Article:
The Lies of Locke Lamora - Scott Lynch This is one of the most unique books that I've had the utmost pleasure of reading in a long, long time. The best way to describe this book is that is has a dam-breaking volume of pure, unadulterated



People compare this book to the likes of The Godfather and Ocean's Eleven. I'll follow the pattern and compare the book to the grit and vulgarity of Goodfellas! But such flattering associations notwithstanding, this book is undeniably unique and stands strong by itself.

This book is an opus of careful planning and pure wit. The plot is labyrinthine, the prose has just as many twists and turns as the plot, the characters are grade-A smartasses with healthy helpings of charm and wit, and the violence has as much flair and color as a Camorri nobleman's pantyhose.

The world of Locke Lamora is also as quirky and dangerous as the characters. Camorr, a Renaissance Venice-like city-state with a very Sicilian mindset, was the perfect backdrop for the novel. Baked in corruption and crime as well as ostentatious wealth, Camorr boasts great and glittering persons residing in their high towers as well as crooked thieves living in graveyards and fortress strongholds. The city is also encircled by canals filled with terrifying sea creatures as filthy as the polluted waters. Kind of like...



(This was my train of thought when Jean and Bug take a night's swim in the water after Locke got dunked in a barrel of horse piss.)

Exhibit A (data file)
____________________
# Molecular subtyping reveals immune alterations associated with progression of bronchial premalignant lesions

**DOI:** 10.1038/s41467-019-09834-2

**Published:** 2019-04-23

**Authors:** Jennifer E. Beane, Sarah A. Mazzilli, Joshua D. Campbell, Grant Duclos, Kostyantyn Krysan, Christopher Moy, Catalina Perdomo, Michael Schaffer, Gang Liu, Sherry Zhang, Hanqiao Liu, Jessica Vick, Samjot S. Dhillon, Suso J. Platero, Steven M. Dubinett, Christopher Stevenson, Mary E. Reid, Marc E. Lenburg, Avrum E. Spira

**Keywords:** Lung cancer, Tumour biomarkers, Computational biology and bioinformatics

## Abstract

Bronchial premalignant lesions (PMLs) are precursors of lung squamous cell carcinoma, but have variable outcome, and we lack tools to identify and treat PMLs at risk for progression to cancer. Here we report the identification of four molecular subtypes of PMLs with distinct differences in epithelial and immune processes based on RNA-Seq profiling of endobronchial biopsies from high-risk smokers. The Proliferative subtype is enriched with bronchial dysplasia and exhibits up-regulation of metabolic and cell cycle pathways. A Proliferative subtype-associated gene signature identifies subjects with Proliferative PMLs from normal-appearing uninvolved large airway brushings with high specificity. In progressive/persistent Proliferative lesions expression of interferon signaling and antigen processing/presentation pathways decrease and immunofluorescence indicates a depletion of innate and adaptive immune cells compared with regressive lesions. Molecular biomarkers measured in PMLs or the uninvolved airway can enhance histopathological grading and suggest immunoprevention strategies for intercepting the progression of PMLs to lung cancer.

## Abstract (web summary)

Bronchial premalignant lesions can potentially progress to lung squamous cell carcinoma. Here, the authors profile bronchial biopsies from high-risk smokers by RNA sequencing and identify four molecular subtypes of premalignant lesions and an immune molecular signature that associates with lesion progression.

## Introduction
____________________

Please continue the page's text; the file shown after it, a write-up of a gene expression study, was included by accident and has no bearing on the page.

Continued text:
Serving as our bridge between these two worlds are the Gentlemen Bastards, a band of merry and brotherly thieves, who rob great sums exclusively from the wealthy. We first meet the main characters as they are planning a heist to relieve a nobleman of half his material wealth: newbie Bug who is eager to impress the Gentlemen Bastards more than steal bags of gold; the insatiable Sanza twins, jacks of all trades; strong and dependable Jean whose violent temper instills fear in the biggest and strongest men; and the brains behind all operations, Locke Lamora, swashbuckling trickster who doles out Oscar-worthy performances during his confidence games.

Like Locke, each of these characters were incredibly fleshed out as unique individuals with their quirks and faults. The interludes that showed glimpses of Locke's and Jean's initiation as Gentlemen Bastards added much dimension to their overall development.

Be warned that in Camorr cursing is as common as sharks (oh yes, I did say sharks), and it is most definitely not PG-13. But I can honestly say that vulgarity was never as melodious to my ears as it was in this novel. And the cursing is just kind of tossed around...

in factual statements: "There are only three people in life you can never fool--pawnbrokers, whores, and your mother. Since your mother's dead, I've taken her place. Hence, I'm bullshit-proof."

in prophecies: "Some day, Locke Lamora," he said, "some day, you’re going to fuck up so magnificently, so ambitiously, so overwhelmingly that the sky will light up and the moons will spin and the gods themselves will shit comets with glee. And I just hope that I’m still around to see it."

and in metaphysical inquiry: "I can't wait to have words with the Gray King when this shit is all finished," Locke whispered. "There's a few things I want to ask him. Philosophical questions. Like, 'How does it feel to be dangled out a window by a rope tied around your balls, motherfucker?"

Ahhhh... music to my ears.

Overall, this was an insanely enjoyable read that merits 5 GOLDEN STARS. If you like adventure, heists, and a twisting and turning narrative, definitely pick this one up!